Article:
365 Days of Album Recommendations – Feb 5 [Super Bowl Edition]

Blind Willie McTell – Last Sessions


Well, you can tell yourself that’s what you’re doing, but you’re not.

If you REALLY want to show some love for the truly talented underdog from Atlanta, turn the fucking TV off and go listen to Blind WillieMcTell.

The fact that, as a nation, we allowed a man of this much talent, beauty, grace, skill, and power to disappear into the rotten mists of a racist, classist time is literally a sin.

For my money, Blind Willie McTell should be required listening for every schoolkid in the country. Aspiring songwriters should be forced to live with his compositions as aspiring monks do with Koans—until they can show they understand. You shouldn’t be allowed to step foot on a blues club stage if you can’t express something in honor of Blind Willie McTell.

But that’s not the case. Instead, the performances collected here were recorded by a record store owner who saw Willie McTell playing on the street for change, and thought he recognized him as the legendary country blues singer whose songs he so prized, from a heyday that never materialized.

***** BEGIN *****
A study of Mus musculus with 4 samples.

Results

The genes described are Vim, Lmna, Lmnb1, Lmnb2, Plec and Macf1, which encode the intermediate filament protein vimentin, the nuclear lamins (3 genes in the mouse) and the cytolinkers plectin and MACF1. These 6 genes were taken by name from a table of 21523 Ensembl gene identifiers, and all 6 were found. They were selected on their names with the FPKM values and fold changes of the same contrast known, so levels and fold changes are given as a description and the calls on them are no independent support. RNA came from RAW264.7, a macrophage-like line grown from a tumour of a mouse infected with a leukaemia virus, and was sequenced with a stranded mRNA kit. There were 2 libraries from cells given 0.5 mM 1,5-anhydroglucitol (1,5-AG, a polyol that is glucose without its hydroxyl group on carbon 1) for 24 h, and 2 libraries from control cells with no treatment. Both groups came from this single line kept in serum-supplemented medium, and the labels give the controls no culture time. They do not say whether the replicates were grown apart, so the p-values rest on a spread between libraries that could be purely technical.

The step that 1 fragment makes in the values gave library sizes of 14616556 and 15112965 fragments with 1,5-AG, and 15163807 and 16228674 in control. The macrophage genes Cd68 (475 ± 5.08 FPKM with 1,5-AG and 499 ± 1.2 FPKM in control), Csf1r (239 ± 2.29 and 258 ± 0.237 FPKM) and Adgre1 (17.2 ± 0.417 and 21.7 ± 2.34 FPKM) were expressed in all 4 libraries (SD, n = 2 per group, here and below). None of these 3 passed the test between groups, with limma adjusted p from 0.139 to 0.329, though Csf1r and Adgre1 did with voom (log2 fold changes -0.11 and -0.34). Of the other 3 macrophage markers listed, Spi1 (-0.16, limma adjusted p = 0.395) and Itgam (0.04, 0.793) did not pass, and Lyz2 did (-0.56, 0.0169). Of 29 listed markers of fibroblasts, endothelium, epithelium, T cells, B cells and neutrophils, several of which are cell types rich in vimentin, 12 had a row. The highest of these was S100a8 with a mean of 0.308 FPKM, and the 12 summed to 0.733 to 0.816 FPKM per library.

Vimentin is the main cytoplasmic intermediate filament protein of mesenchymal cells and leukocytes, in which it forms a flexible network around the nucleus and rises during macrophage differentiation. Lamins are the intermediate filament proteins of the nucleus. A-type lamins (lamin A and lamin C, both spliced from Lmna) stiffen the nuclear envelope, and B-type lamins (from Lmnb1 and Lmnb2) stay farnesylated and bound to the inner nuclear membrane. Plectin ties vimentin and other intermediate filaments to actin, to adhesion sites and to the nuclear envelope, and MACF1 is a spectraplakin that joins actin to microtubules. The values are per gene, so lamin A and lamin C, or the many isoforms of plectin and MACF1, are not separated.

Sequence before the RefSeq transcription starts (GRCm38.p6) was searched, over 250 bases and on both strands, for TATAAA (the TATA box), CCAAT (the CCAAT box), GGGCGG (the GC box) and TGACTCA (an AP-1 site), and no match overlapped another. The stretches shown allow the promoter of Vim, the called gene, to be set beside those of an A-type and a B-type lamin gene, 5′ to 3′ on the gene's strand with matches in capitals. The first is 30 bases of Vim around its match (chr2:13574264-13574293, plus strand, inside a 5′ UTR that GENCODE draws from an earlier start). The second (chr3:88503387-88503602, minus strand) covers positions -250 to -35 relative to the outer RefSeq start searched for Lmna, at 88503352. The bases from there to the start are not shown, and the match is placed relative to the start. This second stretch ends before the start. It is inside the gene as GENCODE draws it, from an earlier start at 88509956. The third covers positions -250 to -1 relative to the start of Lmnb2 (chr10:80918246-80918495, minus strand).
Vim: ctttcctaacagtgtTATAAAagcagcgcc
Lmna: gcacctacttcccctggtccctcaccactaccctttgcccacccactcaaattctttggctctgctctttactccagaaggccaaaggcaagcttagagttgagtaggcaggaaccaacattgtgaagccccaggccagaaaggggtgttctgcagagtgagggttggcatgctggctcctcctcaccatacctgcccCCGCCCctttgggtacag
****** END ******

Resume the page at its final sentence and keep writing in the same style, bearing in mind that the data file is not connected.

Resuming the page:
These aren’t the best recordings of Blind Willie McTell. But if you have a heart, these recordings will break it. He’d be dead in three years, but you wouldn’t know it. The man’s talent is just bone-chillingly real, so clear, so magic.  Atlanta’s forgotten genius. He wasn’t actually born there, but it’s where he spent most of his years. Atlanta’s forgotten genius.

He died just a few short years before the “folk revival” of the 60s began. If he’d have made it to 1964, maybe he, like Mississippi John Hurt, could have had a new chance in the coffee houses. But alas, it wasn’t to be. He’d been too poor, too sick, too disadvantaged, too long.

So today, if you really want to be a patriot, or if you really want to root for an underdog from Atlanta, skip the capitalist charade, and pay tribute instead to a real American hero.